As education leaders, how do we retain our experienced teachers and leverage their support for new teachers? With the prospect of a “great resignation” — and the associated costs to replace them — well documented, that question has never been more important.
Rather than add a new initiative, districts can double down on their new teacher mentorship and induction programs.
Why mentorship as a key lever for educator retention? The impact of effective mentorship programs is clear:
Robust mentorship programs are a true win-win: they can minimize attrition for all teachers by supporting the growth of teacher-leaders and the onboarding of new educators.
In North Dakota, where mentorship has been a focus for the state, participation in the North Dakota Teacher Support System Mentoring Program (NDTSS) made teachers more likely to stay during their first five years of teaching (North Dakota Teacher Support System, 2020). Teacher retention increased by over 10% through targeted professional learning and ongoing support to both mentors and incoming teachers.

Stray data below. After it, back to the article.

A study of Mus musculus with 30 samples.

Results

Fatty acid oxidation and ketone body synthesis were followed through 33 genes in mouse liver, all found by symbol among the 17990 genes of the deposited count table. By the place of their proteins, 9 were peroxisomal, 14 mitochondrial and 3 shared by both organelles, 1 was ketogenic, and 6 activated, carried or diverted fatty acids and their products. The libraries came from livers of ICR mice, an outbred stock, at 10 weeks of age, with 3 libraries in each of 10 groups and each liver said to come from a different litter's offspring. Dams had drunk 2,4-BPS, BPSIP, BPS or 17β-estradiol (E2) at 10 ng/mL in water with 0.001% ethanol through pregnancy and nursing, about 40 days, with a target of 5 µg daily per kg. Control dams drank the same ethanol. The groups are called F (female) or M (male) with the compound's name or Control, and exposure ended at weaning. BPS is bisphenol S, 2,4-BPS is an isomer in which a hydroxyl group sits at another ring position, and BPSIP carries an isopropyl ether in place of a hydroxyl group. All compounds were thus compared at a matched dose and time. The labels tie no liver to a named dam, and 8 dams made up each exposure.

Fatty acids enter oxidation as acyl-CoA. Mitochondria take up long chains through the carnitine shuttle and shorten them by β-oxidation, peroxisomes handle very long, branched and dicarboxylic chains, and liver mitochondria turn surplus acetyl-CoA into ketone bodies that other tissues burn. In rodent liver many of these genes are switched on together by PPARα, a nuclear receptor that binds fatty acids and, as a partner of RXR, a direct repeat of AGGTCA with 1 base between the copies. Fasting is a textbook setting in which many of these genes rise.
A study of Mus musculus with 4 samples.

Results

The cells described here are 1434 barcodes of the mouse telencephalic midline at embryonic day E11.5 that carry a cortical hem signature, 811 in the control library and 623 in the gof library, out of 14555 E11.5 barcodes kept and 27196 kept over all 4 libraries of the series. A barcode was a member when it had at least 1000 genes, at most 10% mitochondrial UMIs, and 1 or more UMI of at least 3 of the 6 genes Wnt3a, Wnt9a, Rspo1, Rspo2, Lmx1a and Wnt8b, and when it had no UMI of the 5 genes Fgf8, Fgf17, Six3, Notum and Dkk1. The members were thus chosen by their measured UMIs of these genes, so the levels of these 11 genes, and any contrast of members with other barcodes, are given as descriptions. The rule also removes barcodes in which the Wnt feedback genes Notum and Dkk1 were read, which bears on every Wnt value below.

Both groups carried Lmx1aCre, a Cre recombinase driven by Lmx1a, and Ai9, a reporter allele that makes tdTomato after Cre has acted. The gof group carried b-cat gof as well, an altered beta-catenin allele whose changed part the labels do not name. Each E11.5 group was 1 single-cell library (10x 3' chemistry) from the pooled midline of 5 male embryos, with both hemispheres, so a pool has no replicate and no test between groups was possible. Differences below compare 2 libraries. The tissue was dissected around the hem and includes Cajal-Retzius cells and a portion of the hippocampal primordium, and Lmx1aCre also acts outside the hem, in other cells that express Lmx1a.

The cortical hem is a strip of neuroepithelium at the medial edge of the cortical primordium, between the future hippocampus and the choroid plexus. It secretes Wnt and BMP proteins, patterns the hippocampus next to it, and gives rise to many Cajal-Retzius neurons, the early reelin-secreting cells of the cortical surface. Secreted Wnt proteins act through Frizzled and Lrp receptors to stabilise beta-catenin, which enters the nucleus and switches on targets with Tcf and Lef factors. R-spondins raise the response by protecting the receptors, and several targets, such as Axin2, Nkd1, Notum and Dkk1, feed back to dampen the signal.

But what makes for a rigorous, empowering, and comprehensive mentorship program? One that respects teachers’ time and skills with high-leverage practices (Harmsen et al., 2019, Manning & Jeon, 2020). According to field research, the most effective mentorship programs are ones that:
- Make “voice and choice” a reality, for both mentors and new teachers: Veteran teachers are being asked to wear countless hats in the school building. Allow for choice in both scheduling and content of professional learning to work around the schedules and interests of both new teachers and mentors. Allow teachers to select from asynchronous or live courses offered at different times of day.